Friday, October 11th 2019, 4:54 pm - Sea level changes are coming and in the future, they'll occur more frequently.

The latest IPCC (Intergovernmental Panel on Climate Change) report, which explains the relationship between ice melt and rising oceans — among many other things — is a clear call to action to avoid extreme coastal impacts that will likely occur in the coming decades. Scientists predict that sharp rises in sea level, which usually occurred once a century, will hit our coasts far more often by 2050 whether we reduce greenhouse gas emissions or not.

The latest projections for sea-level rise by 2100 calculated by the IPCC have increased compared to predictions made in 2014. The increased rise, which is predominantly driven by thermal expansion, is related to the rapid melting of Antarctica. Without a cut in carbon emissions, the level of seas and oceans is expected to increase between 61 and 110 centimetres, which is roughly 10 centimetres more than in the previous projection. This extra increase would have an impact on a considerable number of mega-cities around the world, affecting an additional 10 million people.

IPCC feature 2

Even if we do begin to cut greenhouse gas emissions drastically, experts believe that an increase in sea level anywhere from 29 to 59 centimetres would be inevitable due to ongoing ice melt along both polar and glacial ice surfaces. Sea level will continue to rise for centuries, and if by 2100 we expect an increase of at least 1 metre, by 2300 we could even see water four metres higher than today.

As far as the short-term is concerned, the IPCC expects extreme impacts related to sea-level rise to become more frequent and affect many more places. The report projects much shorter deadlines; if before, great sea-level rise events occurred once a century, by 2050 they could occur once a year.

Apart from the great impact thawing of ice will have on water levels along coastal areas, ocean warming will also cause more intense tropical storms. This will increase associated storm surges, amplifying their impact on our coasts. Moreover, the warming of seas and oceans will damage seaweed forests and other ecosystems. These events are like underwater forest fires and have doubled in frequency over the past 40 years. The IPCC expects these warm-water events to occur at least 20 times more frequently by 2100.

IPCC figure 3

The report also refers to other ocean warming effects. The El Niño phenomenon, a sign of the planet's natural climatic variability, could occur twice as often this century regardless of whether or not greenhouse gas emissions are reduced.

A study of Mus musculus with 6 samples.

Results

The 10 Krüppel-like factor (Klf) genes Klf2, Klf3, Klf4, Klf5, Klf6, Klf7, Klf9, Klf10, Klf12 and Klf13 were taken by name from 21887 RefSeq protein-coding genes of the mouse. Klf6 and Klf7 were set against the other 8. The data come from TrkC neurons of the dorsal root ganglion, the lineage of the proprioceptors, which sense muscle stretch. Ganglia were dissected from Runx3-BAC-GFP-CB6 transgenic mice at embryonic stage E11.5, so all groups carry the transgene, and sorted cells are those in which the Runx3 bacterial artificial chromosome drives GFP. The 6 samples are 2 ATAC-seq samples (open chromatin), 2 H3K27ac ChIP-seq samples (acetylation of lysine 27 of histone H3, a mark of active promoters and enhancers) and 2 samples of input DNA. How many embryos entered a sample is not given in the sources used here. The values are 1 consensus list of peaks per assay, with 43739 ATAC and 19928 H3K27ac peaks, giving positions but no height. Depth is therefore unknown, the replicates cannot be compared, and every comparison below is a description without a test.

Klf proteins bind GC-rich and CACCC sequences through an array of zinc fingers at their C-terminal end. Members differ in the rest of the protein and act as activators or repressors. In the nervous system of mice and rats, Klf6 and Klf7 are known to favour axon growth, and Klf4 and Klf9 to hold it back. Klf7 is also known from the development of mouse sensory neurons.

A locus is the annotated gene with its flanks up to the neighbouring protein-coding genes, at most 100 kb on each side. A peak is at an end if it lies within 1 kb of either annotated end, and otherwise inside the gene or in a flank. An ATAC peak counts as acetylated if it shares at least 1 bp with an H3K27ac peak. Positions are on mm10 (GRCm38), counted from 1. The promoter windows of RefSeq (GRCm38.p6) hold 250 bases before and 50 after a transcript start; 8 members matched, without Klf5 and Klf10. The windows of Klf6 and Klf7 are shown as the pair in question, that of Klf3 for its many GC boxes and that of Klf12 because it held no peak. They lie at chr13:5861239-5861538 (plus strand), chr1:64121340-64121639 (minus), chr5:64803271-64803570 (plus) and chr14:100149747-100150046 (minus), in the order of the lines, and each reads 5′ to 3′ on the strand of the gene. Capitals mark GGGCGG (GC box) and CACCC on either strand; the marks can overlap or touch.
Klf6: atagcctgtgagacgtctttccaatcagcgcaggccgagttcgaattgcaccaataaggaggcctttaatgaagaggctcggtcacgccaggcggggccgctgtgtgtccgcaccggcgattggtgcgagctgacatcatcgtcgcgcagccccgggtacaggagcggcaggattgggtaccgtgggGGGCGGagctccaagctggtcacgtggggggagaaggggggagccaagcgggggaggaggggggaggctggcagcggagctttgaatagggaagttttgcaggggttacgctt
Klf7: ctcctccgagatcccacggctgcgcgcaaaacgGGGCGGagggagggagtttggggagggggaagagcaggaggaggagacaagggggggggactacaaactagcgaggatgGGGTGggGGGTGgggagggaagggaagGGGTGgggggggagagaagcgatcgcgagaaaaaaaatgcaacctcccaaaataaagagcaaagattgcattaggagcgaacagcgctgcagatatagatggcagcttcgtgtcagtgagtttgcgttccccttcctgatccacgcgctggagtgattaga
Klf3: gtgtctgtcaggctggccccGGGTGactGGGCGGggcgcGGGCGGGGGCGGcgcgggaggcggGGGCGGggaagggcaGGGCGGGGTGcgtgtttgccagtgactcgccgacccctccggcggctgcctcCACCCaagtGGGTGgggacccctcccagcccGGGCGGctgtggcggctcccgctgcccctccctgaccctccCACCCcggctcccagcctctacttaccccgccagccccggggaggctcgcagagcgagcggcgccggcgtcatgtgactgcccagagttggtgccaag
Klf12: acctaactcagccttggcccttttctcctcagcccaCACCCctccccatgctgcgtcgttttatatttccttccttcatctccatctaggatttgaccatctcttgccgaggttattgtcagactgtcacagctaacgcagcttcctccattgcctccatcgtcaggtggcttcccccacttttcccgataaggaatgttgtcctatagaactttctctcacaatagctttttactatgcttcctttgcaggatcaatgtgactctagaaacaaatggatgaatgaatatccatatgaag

There is a special emphasis on the great reduction in Arctic ice. This loss exacerbates global warming since the darker exposed ocean absorbs more heat from the sun than highly reflective ice. Scientists involved in the research have already announced that in 2019, Arctic sea ice has dropped to its second-lowest level since satellite records began 41 years ago.

The world's high mountain glaciers are also rapidly melting and they too represent an important part of the total rise in water levels. Even more importantly, they are essential for almost 2 million water-dependent people across the globe and are projected to increase landslides in many regions. One-third of the Himalayan ice sheet is already doomed, and future scenarios show that two-thirds will disappear if emissions are not reduced.

IPCC figure 4 1993–2012 from satellite altimetry. Also shown are relative sea-level changes (grey lines) from selected tide gauge stations for the period 1950–2012. For comparison, an estimate of global mean sea-level change is also shown (red lines) with each tide gauge time series. The relatively large, short-term oscillations in local sea levels (grey lines) are due to the natural climate variability.

Melting of ice and snow in tundra regions is also of great concern among scientists, along with the increase of forest fires in high northern latitudes. There will be a generalized permafrost thaw this century, which will continue in the 22nd century. While it is difficult to quantify at the moment, we do know that it is a phenomenon that will release hundreds of millions of tons of carbon dioxide and methane into the atmosphere, amplifying terrestrial climate change even more.